A Land of Flavor Fills Every Bite

Delaney Bolstein, Co-Editor/Director of Media

The Philippines, a South-East Asian nation comprised of over 7,000 islands, has had a complex history, to say the least. What first put the Philippines on the map was the spice trade in the 16th century when Spain, after having conquered the islands and converted the majority of its people to Catholicism, used it as a gateway to trade with China. Chinese, Spanish, Arab, Portuguese, and Dutch merchants traded in Manila, the nation’s capital, and thus exacerbated the Philippines’ cultural diversity. This was highlighted by its acquisition by the United States during the end of the 19th century in the Spanish-American War. What followed was a nationwide revolt against the States, and, in the culinary respect, a Westernization of the already diverse Filipino cuisine. These cultural influences stuck throughout its road to independence and birthed a uniquely Filipino gastronomical identity.

For the majority of my life, Filipino cuisine was something only seen at family gatherings. My mother never learned to make traditional recipes, and I never made an attempt to look outside of my grandmother’s or, “Lola’s” kitchen. My perspective on Filipino food, and perhaps the Philippines as a whole, was narrow.  Even more so, up until recently, Filipino restaurants didn’t really exist in Central Florida, despite foodies’, such as the late Anthony Bourdain’s, predictions that Filipino food would be, “America’s next favorite cuisine” six years ago. And so, inspired by the cuisine’s elusiveness and a slight sense of cultural dishonor, I decided to look locally for a taste of my Lola’s cooking.

(Below) The only downside to having such unique flavors is the demand for samples. Flavors such as buko pandan, a grassy coconut, and Sampaguita (pictured here), require at least some exploration before people are willing to shell out $6.00. Still, I have to admire the restaurant’s efficiency. One employee doled out samples, another checked customers out, and the last brought the scooped ice cream to their tables. All photos by Delaney Bolstein. (All photos by Delaney Bolstein. )
(Below) My mother on the other hand opted for a mango peach pie flavor. Mangoes are a hallmark of Filipino culture, being the national fruit. The Philippines’ warm, humid climate allows for year round mango cultivation, and is one of its largest exports. The Manila Mango was also brought to Mexico in the early 18th century where it remains a staple food.
(Above) Inay’s Kitchen features karaoke which the cus-
tomer can request. Karaoke is an integral part of Filipino
culture. Perhaps because the patent of the world’s first
karaoke machine belongs to a Filipino, the activity took
the nation by storm in the 70s. One can find a machine
in nearly every home, encompassing songs in both Ta-
galog and English. In addition, Inay’s Kitchen advertises
Filipino artists’ tours such as Gloc-9 who is recognized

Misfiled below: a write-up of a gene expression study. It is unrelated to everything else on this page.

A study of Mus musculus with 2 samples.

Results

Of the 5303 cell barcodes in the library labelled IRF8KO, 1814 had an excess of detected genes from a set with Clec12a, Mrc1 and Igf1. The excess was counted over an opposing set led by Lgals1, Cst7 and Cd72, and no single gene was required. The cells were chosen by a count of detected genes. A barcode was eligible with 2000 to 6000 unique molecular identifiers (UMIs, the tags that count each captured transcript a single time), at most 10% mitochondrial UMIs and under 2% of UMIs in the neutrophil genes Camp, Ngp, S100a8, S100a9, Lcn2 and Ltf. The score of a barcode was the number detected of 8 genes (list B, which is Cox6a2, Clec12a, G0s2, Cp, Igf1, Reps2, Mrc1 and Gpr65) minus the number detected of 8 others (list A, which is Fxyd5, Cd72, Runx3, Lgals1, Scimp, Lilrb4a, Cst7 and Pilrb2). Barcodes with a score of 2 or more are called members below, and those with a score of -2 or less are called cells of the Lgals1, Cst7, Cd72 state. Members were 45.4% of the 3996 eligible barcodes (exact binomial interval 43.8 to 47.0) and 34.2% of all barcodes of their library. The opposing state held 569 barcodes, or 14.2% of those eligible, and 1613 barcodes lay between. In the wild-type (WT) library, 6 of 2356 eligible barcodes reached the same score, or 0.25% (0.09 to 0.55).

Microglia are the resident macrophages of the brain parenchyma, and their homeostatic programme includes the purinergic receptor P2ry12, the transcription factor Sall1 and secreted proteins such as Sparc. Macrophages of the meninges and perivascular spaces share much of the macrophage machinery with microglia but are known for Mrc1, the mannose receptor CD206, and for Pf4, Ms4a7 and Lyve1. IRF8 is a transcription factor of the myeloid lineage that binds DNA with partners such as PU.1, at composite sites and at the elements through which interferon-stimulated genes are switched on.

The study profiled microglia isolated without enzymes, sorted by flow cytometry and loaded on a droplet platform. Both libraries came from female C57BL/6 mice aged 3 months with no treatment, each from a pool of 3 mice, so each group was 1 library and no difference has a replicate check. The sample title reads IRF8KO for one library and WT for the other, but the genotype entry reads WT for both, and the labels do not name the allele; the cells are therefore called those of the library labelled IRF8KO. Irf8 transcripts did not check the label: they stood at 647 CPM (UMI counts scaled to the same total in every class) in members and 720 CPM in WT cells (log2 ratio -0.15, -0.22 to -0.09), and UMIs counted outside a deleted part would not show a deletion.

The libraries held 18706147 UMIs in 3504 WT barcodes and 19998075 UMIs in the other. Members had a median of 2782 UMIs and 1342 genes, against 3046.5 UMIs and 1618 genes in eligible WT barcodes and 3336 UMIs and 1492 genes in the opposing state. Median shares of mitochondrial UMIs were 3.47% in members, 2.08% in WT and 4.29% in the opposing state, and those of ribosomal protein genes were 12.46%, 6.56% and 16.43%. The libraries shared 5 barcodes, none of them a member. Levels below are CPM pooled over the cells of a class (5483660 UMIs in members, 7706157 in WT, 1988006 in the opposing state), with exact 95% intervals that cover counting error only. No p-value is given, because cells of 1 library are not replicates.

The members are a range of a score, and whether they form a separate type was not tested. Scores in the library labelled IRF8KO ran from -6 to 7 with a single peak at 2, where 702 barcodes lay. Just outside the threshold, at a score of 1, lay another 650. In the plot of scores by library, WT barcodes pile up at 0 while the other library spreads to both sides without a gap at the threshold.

by the Philippines as the King of Hip-Hop. It is in this
sense that Inay’s Kitchen is more than a family buisness.
It speaks for Filipino culture and provides a safe ethnic
enclave in a place that seemingly has none. During my
visit to the restaurant, my cousin and I, after building up
each other’s confidence, opted for a haphazard rendition
of “Love Story” by Taylor Swift after which we received
gracious applause from the staff and restaurant patrons.
(Below) Bilo Bilo is a sweet soup make with rice balls and tapioca peals in warm coconut milk. It almost tastes like hot boba tea. While dishes such as Lechon tell a story of Colonialism, Bilo Bilo tells one of nationalism. For centuries prior to Spain’s arrival, Filipinos have been living off of rice farming and coconut harvesting. That is what makes Filipino cuisine so unique. It spans across hemispheres and speaks to its rich history.
(Above) Following a year of development, the Filipino ice
cream parlor, Sampaguita, finally opened its doors on
Colonial Drive at the beginning of the new year. Sampaguita, translating to Arabian Jasmine, is the national flower of the Philippines, and is used in herbal teas and remedies. The restaurant is the sister store of The Greenery Creamery, and with 12 Filipino-inspired flavors, Sampaguita almost serves as a sweet gateway to Filipino cuisine. I visited during its soft opening. Even though I arrived fifteen minutes early, the line already stretched past two of its neighboring stores and, by the time Sampaguita opened, past the block. Selflishly, I hope the demand stays (I could do without the line though). Sampaguita, in all of its trendiness and retro interior, provides much needed representation in an area teeming with other Asian restaurants.
(Above) After 12 years of catering, Inay’s Kitchen finally
opened its doors back in 2018 in the Winter Garden
area. The restaurant is owned by six sisters who, after
moving to the States, expanded their catering business
to Central Florida. Inay’s Kitchen is as traditional as it
gets. All the recipes have been passed down by generations. In fact, up until recently, it was the sisters’
mother who cooked everything, hence the name “Inay”
which translates to “Mother” in Tagalog. Today, the
sisters, along with their families, run both the business
and cooking side. Lechon, pictured above, is the food of
Filipino celebrations. Translating to “Suckling pig,” Lechon is served freshly cut off of a roasted piglet and is filled with spices and herbs. The dish comes from the Span- ish tradition of slaughtering a two to six-week pig who has only tasted its mother’s milk.